At a time when many of Europe's countries are waist-deep in the global recession, Italy is beginning to take measures to try to solve its massive debt burden, estimated at about 120 percent of its gross domestic product.
On June 30, the cabinet approved a drastic budget cut, which Italy's president, Giorgio Napolitano, approved on July 6; it will now go to parliament for debate. The plan is to slash 48 billion euro from the budget over the next three years, more than the minimum amount set by the European Union.
‘For the current year, 2011, there is a need to maintain cuts of two billion euro,' Economy minister Giulio Tremonti told the press. ‘I am certain that the desired objective of 3.9 billion will be reached. In 2012 there needs to be a correction equal to six billion euro, which will be added to everything done in past years.' The largest cuts and savings will be realized through increasing taxes on bank trading activity and high-consumption cars, freezing pay for civil servants and creating a new levy on stock-market transactions. Local governments are also projected to receive 9.7 billion euro less through 2013-2014. However, income taxes will decrease, which is in accordance with Tremonti's desire for a stronger focus on taxing sales rather than individual incomes.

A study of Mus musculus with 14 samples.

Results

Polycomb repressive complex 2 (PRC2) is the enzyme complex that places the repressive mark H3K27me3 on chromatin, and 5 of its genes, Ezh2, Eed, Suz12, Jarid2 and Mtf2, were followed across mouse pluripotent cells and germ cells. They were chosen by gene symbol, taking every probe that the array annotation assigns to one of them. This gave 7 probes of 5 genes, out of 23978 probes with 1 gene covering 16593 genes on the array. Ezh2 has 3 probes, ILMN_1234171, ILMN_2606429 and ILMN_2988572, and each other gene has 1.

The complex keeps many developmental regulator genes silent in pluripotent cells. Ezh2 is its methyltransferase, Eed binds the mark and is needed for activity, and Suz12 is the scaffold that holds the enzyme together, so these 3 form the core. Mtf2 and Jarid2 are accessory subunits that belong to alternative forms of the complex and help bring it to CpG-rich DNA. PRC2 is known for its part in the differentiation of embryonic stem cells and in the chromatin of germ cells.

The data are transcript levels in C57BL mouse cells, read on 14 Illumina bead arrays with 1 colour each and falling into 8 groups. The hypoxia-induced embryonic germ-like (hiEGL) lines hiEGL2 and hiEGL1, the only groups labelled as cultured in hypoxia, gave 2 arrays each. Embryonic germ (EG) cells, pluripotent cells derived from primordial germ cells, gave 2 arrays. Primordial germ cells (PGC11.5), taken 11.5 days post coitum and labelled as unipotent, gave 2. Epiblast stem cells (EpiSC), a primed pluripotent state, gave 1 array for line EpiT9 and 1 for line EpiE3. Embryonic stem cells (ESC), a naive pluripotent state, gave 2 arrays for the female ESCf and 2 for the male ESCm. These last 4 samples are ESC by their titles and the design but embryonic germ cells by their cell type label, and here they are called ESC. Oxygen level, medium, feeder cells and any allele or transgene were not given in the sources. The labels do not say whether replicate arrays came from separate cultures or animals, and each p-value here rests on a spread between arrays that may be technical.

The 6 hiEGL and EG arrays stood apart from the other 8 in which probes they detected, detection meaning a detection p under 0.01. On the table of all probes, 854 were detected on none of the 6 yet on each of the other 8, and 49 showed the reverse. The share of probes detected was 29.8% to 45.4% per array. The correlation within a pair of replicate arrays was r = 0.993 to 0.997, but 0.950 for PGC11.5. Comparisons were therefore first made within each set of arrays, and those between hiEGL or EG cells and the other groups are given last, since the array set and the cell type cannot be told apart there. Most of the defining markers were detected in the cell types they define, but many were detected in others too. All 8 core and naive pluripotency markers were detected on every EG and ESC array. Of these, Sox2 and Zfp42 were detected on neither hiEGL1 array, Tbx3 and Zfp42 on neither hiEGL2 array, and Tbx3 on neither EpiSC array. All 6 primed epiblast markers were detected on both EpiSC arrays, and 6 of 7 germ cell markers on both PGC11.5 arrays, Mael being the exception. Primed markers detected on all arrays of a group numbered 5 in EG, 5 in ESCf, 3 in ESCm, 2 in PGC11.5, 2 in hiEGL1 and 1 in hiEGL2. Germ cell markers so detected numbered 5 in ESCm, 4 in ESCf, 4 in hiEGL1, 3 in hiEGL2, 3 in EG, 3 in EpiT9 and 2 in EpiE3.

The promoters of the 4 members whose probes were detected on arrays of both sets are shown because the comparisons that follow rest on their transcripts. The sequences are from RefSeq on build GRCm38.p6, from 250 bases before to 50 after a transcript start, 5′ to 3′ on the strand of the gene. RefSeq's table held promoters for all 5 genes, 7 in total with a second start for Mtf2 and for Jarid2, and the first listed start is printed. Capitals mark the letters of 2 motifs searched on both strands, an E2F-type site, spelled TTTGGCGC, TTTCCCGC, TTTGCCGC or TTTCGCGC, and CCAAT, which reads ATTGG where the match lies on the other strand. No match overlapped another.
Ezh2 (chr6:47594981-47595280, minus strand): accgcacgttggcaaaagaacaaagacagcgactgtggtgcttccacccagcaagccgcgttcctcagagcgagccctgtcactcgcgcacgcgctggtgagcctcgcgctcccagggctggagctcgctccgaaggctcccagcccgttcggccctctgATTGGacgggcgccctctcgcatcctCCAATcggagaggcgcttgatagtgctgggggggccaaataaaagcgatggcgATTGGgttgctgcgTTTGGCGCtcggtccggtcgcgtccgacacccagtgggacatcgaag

Tremonti has had much support recently for his fiscal prudence, especially after the financial crises in Greece, Ireland and more recently Portugal.
The opposition's main concern is that the cuts will not be implemented soon enough: many will not take affect for another two years. ‘The budget leaves a hole in the 2013-2014 period ... which is a time bomb,' said Pier Luigi Bersani, leader of the Democratic Party. ‘It will all turn into cuts in social services.'
The Italian government is feeling additional pressure from the bond market. Ratings bureaus Moody's and Standard & Poor's are threatening to downgrade Italy's credit rating, which has sparked a sharp rise in the interest rate of Italy's 10-year bonds.
Many analysts believe Italy can eliminate its considerable budget deficit in a short time by privatizing three 100-percent state-owned companies: public broadcaster RAI, the national railway group Ferrovie dello Stato and Poste Italiane. According to Bernardo Bortolotti, founder of the Privatization Barometer nonprofit research group, Italy could raise up to 30 billion euro from selling these assets. Do you think Italy should sell off the country's public assets to reduce its massive debt? Email firstname.lastname@example.org with your thoughts.